When I saw the trailers for Seventh Son – directed by Sergey (Sergei) Bodrov, distributed by Universal Pictures - I hoped the film might be able to fill some of the fantasy void left after the Hobbit movies ended. It had dragons, sexy she-devils and all manner of beasties set in a medieval time frame. The special effects in Seventh Son looked like they were well done and worth seeing. With Jeff Bridges and Julianne Moore on board, the cast held promise. The trailers showed swordplay, magic and an intriguing hint at a plot. Unfortunately that hint was about all of a plot there was. Despite slick special effects and talented actors, it’s exceedingly difficult for a feature length film to overcome a weak plot.
Jeff Bridges plays Master Gregory, the last of a knightly order know as Spooks. The Spooks have been charged with defending humankind from supernatural threats for hundreds of years. The movie opens with Master Gregory imprisoning one such threat, the witch called Mother Malkin and played by Julianne Moore. As time passes Mother Malkin gathers her strength and, with the added power of a rare blood moon, is able to break free of her prison. Once free, she seeks revenge on Master Gregory and the world in general.
Unfortunately a hint of a plot was all there was. Despite slick special effects and talented actors, it’s exceedingly difficult for a feature length film to overcome a weak plot.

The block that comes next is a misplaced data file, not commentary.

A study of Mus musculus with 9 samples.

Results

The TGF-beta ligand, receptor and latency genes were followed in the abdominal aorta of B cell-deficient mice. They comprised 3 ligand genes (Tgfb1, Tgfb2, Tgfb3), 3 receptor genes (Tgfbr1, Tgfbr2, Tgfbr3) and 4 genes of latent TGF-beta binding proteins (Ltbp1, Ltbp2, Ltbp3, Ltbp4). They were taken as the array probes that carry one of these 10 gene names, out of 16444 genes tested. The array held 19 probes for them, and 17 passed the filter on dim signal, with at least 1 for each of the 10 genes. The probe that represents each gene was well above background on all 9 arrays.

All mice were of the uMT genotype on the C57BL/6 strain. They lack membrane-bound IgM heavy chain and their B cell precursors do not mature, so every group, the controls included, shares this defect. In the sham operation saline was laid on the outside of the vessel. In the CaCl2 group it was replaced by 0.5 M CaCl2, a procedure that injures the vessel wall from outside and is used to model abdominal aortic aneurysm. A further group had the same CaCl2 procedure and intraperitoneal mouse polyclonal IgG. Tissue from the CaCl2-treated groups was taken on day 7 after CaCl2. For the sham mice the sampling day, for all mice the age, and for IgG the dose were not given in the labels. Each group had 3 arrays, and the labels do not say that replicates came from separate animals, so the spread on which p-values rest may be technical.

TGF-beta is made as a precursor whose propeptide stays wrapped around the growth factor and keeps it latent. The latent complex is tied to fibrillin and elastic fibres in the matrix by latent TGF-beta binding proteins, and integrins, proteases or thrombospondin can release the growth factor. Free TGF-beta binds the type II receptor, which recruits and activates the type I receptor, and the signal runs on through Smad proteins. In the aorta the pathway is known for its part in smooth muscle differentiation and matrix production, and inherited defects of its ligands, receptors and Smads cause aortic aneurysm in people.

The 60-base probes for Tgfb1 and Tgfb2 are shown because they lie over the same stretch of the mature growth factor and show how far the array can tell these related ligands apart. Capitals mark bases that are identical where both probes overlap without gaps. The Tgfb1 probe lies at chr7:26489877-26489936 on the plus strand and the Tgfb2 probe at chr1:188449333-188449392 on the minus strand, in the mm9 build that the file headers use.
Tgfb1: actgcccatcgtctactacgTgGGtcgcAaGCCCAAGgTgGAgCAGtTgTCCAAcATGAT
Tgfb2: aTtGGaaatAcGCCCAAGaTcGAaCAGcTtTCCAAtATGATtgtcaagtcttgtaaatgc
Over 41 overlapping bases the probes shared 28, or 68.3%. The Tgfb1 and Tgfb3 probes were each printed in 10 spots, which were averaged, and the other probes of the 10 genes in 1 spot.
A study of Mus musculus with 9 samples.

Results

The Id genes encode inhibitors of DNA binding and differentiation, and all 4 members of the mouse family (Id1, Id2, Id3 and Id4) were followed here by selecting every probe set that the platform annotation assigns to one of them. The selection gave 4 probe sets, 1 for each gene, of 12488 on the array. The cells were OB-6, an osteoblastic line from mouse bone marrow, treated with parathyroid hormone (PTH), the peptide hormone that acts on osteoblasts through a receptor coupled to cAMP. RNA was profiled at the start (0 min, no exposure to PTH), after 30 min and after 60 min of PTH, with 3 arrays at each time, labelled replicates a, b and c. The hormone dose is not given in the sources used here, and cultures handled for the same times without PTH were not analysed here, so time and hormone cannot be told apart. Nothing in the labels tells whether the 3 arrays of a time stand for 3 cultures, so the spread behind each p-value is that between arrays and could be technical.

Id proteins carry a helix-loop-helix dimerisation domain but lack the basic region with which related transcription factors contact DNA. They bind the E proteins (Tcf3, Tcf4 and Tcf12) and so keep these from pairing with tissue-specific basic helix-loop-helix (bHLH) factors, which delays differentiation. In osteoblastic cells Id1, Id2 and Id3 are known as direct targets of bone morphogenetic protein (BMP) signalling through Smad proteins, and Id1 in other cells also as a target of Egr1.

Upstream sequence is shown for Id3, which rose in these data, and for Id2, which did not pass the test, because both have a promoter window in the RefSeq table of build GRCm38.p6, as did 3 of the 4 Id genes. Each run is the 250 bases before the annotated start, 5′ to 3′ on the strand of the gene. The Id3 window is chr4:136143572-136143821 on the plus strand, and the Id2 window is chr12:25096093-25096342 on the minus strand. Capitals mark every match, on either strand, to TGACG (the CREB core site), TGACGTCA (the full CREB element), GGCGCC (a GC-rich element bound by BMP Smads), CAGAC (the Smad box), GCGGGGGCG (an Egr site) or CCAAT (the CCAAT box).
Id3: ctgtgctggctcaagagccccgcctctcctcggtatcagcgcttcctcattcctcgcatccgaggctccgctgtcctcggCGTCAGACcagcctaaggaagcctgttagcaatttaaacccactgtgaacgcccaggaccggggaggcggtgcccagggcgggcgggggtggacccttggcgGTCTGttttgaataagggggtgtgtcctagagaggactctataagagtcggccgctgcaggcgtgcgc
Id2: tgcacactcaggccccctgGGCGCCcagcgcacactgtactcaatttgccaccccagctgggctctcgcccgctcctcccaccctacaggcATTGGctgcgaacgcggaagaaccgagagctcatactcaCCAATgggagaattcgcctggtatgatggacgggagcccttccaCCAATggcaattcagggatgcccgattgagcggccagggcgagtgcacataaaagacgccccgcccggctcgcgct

Master Gregory is summoned to a nearby church to deal with a possessed little girl. The girl is a ruse by Mother Malkin designed to lure Master Gregory to her. In the ensuing fight, Master Gregory’s apprentice is killed, and Mother Malkin escapes. Master Gregory now needs to replace his apprentice, and goes in search of another seventh son of a seventh son.
Master Gregory finds Thomas Ward, played by Ben Barnes, and makes him his new apprentice. Thomas is tasked with learning all there is to know about becoming a Spook. Due to the nature of the threat posed by Mother Malkin, this apprenticeship is truncated from the normal 10 years to only one week. Of course we see a remarkable transformation from a simple lad that knows only life on a farm, to a weapons master capable of killing menacing, evil creatures, all in said week. Yeah, right.
In the end, Master Gregory and Thomas track Mother Malkin down in her lair, and kill the deadly servants that she has summoned to protect her. After dispatching her minions, Master Gregory and Thomas go after Mother Malkin. Thomas is blessed with supernatural strength and resistance to magic because his mother just happened to be a witch, and passed her supernatural strength to her son. This added strength is how Thomas is, eventually, able to defeat Mother Malkin. Of course, this happens just before the full blood moon would make the witch invincible.
Seventh Son had the seeds needed to make a quality movie. Unfortunately, it appears the decision was made to sacrifice back story and fleshing out the main characters in the hopes that special effects would carry the film. If different decisions had been made to enhance the plot, Seventh Son could have been a much better film. The numerous, gaping plot holes ruined any chance of sustaining my suspension of reality, and therefore my enjoyment of this movie. Despite the existence of Seventh Son, the Fantasy void is still with us.
About Brian Hill
Brian Hill is a home theater enthusiast who has an extensive background in sales. His interests include music & movies, F1 & NASCAR auto racing, hot rods (he has a '56 Nomad) and hockey — Go Sharks!